Given the exuberance around Tesla electric cars, it might have been tempting for a new clean-tech company specializing in rechargeable lithium-ion batteries to try to crack the electric vehicle market.
But from the outset, Corvus Energy focused primarily on marine applications – ferries and ships.
The Richmond-based company’s recent growth figures vindicate that focus. In just seven years, it has come to dominate the market for lithium-ion batteries for the marine sector, particularly in northern Europe, where more and more ferries and ships are running either partially or entirely on battery power.
“We’ve got the largest install base, by far, in marine – something approaching 70% of the installed base in the marine and offshore world is Corvus,” said Corvus CEO Andrew Morden.
Corvus tops this year’s Business in Vancouver list of fastest-growing companies. Over a five-year period, the company’s revenue has grown from $123,917 in 2011 to $6 million in 2015. Its revenues doubled from $6 million in fiscal 2015 to $11.5 million in fiscal 2016.
Founded in 2009, the company focused on developing batteries that could withstand the wet, corrosive environment of the ocean. Some of the original founders have since left to start a rival company, and the two companies are now involved in a legal dispute.
“They have started a competing entity and we are actually litigating against that entity,” Morden said. “Our view is that they’ve copied a material amount of our intellectual property.”
In 2011, Corvus received $582,467 from Sustainable Development Technology Canada (SDTC) for a hybrid electric ferry demonstration project in Norway. The SDTC funding helped leverage another $1.1 million in private funding and attract two large corporate investors.
Since then, it has come to dominate the marine market.
“We consider the project to be one of our success stories because it’s an elegant yet robust and versatile solution, especially for the incredible demands of the marine environment,” said SDTC public affairs manager Gillian Cartwright.
One of the keys to Corvus’ success was being first to market.
“The value proposition for the use of lithium ion batteries is compelling for the marine and offshore industry,” Morden said. “That market is a relatively big market. We were first to market. We were able to get market traction and, as there’s been more and more adoption, we’ve been able to ride that wave up.”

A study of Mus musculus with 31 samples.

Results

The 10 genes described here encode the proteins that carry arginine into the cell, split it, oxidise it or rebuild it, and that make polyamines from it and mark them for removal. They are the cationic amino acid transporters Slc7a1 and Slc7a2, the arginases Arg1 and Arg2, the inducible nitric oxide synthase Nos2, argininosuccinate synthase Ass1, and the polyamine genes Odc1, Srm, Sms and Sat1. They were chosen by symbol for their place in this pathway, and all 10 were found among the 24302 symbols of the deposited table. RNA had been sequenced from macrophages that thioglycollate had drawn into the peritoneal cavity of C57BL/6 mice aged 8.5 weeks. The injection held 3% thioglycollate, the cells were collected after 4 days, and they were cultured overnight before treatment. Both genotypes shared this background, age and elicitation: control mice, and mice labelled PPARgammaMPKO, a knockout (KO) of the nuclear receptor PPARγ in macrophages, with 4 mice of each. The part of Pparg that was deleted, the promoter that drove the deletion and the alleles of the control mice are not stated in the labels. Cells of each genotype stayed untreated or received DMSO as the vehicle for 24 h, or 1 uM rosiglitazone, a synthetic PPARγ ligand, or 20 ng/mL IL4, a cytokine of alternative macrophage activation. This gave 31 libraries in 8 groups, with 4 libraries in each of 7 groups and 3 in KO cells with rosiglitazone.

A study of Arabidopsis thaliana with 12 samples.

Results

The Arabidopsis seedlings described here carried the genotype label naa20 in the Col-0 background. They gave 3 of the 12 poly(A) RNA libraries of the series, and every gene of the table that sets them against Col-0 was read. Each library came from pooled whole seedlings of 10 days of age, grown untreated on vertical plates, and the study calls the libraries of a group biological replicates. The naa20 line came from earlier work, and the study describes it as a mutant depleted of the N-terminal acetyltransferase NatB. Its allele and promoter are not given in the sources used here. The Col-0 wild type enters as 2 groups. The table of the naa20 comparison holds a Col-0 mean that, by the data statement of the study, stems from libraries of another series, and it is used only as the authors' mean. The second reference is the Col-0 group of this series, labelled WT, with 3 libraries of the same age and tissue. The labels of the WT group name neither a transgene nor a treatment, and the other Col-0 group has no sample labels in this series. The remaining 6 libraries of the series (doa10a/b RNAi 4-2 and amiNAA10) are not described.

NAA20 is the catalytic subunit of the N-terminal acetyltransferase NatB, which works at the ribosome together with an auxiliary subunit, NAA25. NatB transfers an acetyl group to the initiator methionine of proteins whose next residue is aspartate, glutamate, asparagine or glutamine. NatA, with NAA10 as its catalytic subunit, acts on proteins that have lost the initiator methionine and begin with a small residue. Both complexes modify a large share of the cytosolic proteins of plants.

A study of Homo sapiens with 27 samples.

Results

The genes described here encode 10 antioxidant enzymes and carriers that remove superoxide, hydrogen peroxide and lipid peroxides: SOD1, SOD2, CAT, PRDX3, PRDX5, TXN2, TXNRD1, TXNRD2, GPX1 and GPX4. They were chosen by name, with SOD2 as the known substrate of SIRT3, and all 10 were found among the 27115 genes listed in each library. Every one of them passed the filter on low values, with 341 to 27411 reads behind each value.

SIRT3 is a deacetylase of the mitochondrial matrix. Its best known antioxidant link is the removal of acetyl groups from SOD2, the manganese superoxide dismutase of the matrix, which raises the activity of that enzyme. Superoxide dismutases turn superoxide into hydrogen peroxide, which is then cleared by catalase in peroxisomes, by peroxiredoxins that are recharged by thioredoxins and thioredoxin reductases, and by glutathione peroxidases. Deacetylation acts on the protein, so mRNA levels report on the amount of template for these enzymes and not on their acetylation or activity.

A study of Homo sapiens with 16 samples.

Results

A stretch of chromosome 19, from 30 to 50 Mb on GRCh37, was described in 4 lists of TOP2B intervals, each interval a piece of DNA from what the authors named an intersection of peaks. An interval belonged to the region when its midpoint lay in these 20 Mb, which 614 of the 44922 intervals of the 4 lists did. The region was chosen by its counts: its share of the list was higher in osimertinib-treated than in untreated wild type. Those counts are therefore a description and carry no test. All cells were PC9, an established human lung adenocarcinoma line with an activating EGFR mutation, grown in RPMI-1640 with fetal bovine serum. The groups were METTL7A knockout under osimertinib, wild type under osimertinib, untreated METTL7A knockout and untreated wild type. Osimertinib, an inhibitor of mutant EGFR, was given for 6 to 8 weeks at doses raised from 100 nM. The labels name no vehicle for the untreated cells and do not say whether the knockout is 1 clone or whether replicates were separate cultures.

Corvus’ largest shareholder is the Oslo shipping giant BW Group. The second-largest investor is the venture arm of Statoil ASA (NYSE:STO), Norway’s national oil company.
Although the marine market is the mainstay of Corvus’ business, it has also supplied lithium-ion batteries for a number of other transportation sectors, including trains, trucks and submarines.
Morden describes his company’s approach to markets as “hourglass shaped.” It started out providing batteries for a variety of markets, narrowed in on the marine sector, mostly in Northern Europe, and is now branching out again to other “verticals” and geographic markets – notably China.
“We’ve just released our next generation of the product, which is a material change in the technology and in the thinking around the technology, and that’s expanded our horizons,” Morden said. “So now we are much more active in pursuing new verticals.”
That new generation of batteries is the Orca ESS platform, with two main product lines. One produces more power and can recharge faster, while the other can store more energy.
One Chinese port is now using Corvus batteries instead of diesel generators to power gantry cranes, and Morden said there is a big potential market for energy storage in offshore wind farms.
A number of pilot projects have also used Corvus batteries to power trains and light-rail systems.
Northern Europe – particularly Norway – has been Corvus’ most important market. Northern European countries not only have a lot of ferry traffic, due to their geography, but they also have a lot of hydro power, so it makes a lot of sense to power ferries with rechargeable batteries. Norway is such an important market that Corvus has opened an office there.
Although there has been less uptake in Canada, one company that has become a Corvus customer is Seaspan Ferries Corp., which is using Corvus batteries in two new ferries under construction that will run on liquefied natural gas and battery power.
As for the company’s head count, it has actually fallen – from a peak of 70 down to 45 – as it has moved from demonstration to commercialization.
“One of the tricks for us is to grow our revenue without growing our head count,” Morden said. “It’s more about having the right people in the right place.”